Rwanda’s credit ranking raised

KIGALI - The International credit rating agency, Fitch Ratings, has upgraded Rwanda’s ranking from B- to B, after the country registered a strong economic growth and an improvement in its business environment.
Finance Minister, John Rwangombwa, is optimistic about the future
Finance Minister, John Rwangombwa, is optimistic about the future

KIGALI - The International credit rating agency, Fitch Ratings, has upgraded Rwanda’s ranking from B- to B, after the country registered a strong economic growth and an improvement in its business environment.

Fitch, which provides the world’s credit markets with independent and prospective credit opinions, research, and data, lifted Rwanda’s credit rating by one step, indicating that the country is now less risky on the credit market.

Finance Minister, John Rwangombwa, said the improved rating will reduce Rwanda’s cost of borrowing.

“We have been ranked “B-“for the last three years; moving to B shows that we are improving.  It shows that we are more creditworthy as a country,” Rwangombwa said, yesterday.

“It will benefit not only government, but also help the business community – it gives them a better chance (to access credit)”.

According to Fitch, the country has posted an uninterrupted period of strong economic growth that has more than doubled its income per person since the 1994 Genocide against the Tutsi.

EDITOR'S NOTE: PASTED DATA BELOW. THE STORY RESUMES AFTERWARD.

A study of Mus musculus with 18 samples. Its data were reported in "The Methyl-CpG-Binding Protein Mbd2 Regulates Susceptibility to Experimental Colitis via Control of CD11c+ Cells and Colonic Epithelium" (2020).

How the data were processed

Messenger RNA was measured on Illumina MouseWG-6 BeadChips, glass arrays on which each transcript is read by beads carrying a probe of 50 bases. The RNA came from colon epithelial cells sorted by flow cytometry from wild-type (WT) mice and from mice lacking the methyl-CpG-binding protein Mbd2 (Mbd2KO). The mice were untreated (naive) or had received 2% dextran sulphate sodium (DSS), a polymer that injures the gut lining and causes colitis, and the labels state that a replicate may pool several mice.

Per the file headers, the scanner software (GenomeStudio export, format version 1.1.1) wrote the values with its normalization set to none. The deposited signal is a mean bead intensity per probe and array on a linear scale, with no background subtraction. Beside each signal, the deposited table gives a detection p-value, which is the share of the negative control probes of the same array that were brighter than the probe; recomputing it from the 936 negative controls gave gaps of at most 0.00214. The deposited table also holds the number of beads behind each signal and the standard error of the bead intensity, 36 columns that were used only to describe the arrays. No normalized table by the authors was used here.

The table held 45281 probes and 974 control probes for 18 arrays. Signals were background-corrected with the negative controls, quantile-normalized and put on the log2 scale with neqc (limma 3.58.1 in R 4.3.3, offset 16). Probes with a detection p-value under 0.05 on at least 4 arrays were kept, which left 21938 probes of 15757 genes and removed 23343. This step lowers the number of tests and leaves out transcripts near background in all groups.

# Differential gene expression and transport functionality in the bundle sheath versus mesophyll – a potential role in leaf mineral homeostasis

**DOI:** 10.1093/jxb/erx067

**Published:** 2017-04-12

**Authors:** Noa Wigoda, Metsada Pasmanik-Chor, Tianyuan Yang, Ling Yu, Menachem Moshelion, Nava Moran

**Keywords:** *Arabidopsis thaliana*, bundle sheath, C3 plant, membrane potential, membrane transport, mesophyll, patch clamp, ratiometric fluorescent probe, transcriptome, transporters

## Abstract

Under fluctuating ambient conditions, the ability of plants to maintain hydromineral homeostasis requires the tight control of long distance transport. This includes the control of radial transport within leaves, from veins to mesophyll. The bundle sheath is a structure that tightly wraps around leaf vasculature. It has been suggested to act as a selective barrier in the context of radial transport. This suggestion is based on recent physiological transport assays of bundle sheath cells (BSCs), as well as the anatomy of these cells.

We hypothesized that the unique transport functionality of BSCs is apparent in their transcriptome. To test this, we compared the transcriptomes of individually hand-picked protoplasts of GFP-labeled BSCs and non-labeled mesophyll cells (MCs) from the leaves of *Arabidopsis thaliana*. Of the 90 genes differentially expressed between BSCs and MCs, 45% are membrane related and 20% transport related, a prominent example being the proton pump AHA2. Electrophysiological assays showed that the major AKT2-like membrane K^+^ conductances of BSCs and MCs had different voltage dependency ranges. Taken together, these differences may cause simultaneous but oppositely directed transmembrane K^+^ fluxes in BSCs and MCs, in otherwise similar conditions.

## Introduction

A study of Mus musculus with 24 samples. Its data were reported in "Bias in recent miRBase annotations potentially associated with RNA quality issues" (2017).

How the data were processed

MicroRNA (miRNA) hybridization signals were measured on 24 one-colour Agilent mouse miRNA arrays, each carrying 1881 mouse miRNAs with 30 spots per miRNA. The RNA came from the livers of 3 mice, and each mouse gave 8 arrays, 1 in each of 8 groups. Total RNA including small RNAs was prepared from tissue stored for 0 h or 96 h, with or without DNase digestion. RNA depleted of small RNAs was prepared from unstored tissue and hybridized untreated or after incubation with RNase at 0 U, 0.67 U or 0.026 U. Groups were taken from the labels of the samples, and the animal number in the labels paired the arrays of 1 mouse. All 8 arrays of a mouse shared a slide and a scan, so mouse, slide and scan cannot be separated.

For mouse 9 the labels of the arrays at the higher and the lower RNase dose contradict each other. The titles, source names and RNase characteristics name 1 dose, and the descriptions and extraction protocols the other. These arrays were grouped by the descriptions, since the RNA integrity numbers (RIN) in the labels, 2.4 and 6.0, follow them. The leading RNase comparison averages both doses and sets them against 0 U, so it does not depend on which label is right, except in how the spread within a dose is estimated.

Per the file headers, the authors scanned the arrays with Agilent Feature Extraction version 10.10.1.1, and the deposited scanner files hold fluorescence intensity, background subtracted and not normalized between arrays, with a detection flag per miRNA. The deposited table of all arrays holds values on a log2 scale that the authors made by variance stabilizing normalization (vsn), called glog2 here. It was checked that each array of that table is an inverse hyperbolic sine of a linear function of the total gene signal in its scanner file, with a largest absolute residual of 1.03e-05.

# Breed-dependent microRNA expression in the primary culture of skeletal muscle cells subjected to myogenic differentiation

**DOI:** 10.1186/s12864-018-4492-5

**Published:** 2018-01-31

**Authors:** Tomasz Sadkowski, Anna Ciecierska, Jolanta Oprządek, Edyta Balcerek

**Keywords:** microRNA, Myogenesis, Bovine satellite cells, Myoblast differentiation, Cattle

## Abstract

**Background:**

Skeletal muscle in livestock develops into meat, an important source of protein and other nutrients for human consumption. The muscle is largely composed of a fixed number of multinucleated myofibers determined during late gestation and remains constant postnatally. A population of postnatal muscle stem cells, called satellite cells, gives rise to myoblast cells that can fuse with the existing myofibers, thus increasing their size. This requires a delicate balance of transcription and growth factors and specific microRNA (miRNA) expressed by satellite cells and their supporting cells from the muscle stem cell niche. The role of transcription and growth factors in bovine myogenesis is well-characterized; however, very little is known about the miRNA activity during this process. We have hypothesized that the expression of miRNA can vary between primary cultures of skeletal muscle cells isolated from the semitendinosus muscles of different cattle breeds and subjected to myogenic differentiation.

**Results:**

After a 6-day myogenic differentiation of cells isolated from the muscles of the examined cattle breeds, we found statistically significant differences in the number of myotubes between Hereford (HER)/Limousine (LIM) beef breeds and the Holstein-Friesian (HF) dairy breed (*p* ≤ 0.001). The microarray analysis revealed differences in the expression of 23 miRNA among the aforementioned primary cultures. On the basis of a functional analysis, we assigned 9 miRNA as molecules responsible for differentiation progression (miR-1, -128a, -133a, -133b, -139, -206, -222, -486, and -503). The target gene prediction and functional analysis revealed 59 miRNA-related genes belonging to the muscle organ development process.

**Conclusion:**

“The upgrade to B reflects improvement in Rwanda’s business environment following an impressive structural reform drive,” said Purvi Harlalka, an Associate Director in Fitch’s sovereign group.

“Large planned investments in physical infrastructure and continued efforts to increase competitiveness will keep growth robust and support creditworthiness,” he added.

Fitch says Rwanda’s public finances also compare favourably to those of its peers as government indebtedness is low because of “extensive” debt relief earlier in the decade.

Statistics from the International Monetary Fund (IMF) indicate that Rwanda’s external debt (central government), including the one guaranteed at the end of 2009, was estimated at $749.1 million - 14.4 percent of Gross Domestic Product (GDP).

This is in comparison to 85 percent of GDP in 2000-04 which has been declining at about 15 percent of GDP since 2006.

The IMF estimates put the domestic debt at Rwf228.3 billion or 7.7 percent of GDP by the end of 2009 down from 13 percent of GDP between 2005 and 2007.
Government expects to see more improvement because it intends to sustain economic growth, maintain macroeconomic stability and fiscal discipline, Rwangombwa said.

The Minister noted that the improved rating is sustainable given the government’s planned investments in infrastructure and commitment to improving the business environment.

To move higher up the rankings, Rwangombwa said that the government will continue to put a lot of emphasis in areas such as improving the narrow export base and mobilize more domestic revenue to reduce heavy reliance on foreign aid.

Earlier this year, the IMF approved a three-year instrument for Rwanda Policy Support Instrument (PSI) on account of sustained high growth, macroeconomic stability and prudent macroeconomic policies.

The program aims to consolidate macroeconomic stability while reducing Rwanda’s aid dependency.